On Friday, May 10, University-appointed “Open Expression Monitors” denied students involved in Princeton IX Now, which organized the recent Title IX-reform protests, the right to enter a reception to which “staff, faculty and community members” had been invited. At the same time, other students entered the building freely.
Open Expression Monitors — namely, staff from the Office of the Dean of Undergraduate Students (ODUS) — also supervised the Title IX-reform sit-in in front of Nassau Hall, which occurred for over a week, beginning on May 7.
For an institution that claims to protect open discourse and selected “Speak Freely” as its 2018 Pre-read, the fact that administrators double as “Open Expression Monitors” should alarm every member of our community. In theory, Open Expression Monitors protect free speech and allow controversial speakers to safely visit campus. Although instated only months ago, they now impede student expression against the administration. Open Expression Monitors betray a deceptive form of institutional-speech regulation.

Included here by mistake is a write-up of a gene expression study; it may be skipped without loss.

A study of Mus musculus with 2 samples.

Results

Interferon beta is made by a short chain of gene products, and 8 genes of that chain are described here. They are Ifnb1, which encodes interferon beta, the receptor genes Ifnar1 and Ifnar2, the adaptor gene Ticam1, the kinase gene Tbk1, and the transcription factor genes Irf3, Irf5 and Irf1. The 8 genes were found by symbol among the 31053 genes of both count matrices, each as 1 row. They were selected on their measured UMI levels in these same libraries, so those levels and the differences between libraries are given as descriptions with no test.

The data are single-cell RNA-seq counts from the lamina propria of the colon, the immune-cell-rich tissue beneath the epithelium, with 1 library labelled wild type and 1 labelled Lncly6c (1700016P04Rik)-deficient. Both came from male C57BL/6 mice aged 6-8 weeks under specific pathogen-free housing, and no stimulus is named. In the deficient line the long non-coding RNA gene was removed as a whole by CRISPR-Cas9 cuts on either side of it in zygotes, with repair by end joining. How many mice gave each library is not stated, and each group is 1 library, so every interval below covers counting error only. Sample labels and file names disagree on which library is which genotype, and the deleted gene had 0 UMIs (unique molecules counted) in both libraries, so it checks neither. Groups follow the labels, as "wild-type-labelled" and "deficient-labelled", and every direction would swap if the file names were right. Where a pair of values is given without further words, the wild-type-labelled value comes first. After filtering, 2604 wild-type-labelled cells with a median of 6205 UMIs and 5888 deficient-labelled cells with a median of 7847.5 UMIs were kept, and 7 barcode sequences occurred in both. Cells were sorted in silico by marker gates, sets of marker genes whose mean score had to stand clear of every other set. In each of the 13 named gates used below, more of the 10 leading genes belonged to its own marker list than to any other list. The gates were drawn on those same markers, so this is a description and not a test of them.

Open Expression Monitors, employed by the institution whose policies fall under student scrutiny, are far from neutral supervisors. University policy prohibits students from “prevent[ing], or willfully attempt[ing] to prevent, the orderly conduct of a University function or activity.” Despite their inherent conflict of interest, Open Expression Monitors are tasked with determining whether students have violated that policy — a decision that carries punitive consequences.
The Editorial Board refrains from ideologically endorsing Princeton IX Now and neither condones nor condemns the methods employed by student protesters. Certainly, University representatives should be present at student demonstrations, not least to register and relay their concerns.
Nonetheless, we find the title of “Open Expression Monitor” to be as oxymoronic as it is Orwellian. During the May 10 confrontation, Open Expression Monitors prevented students from expressing themselves. Yet, in the University’s own words, “debate or deliberation may not be suppressed because the ideas put forth are thought by some or even by most members of the University community to be offensive, unwise, immoral, or wrong-headed.”
By positioning administrators, who are not tasked to listen to protesters’ demands, but rather to monitor and restrict their lawful behavior, in close physical proximity to demonstrators, the University stifles the type of unfettered, unsettling free speech it claims to champion.
Chris Murphy ’20
Cy Watsky ’21
Samuel Aftel ’20
Arman Badrei ’22
Ariel Chen ’20
Rachel Kennedy ’21
Ethan Li ’22
Jonathan Ort ’21
Madeleine Marr ’21 recused herself from the writing of this editorial.
This piece was published in a previous edition of The Daily Princetonian last May.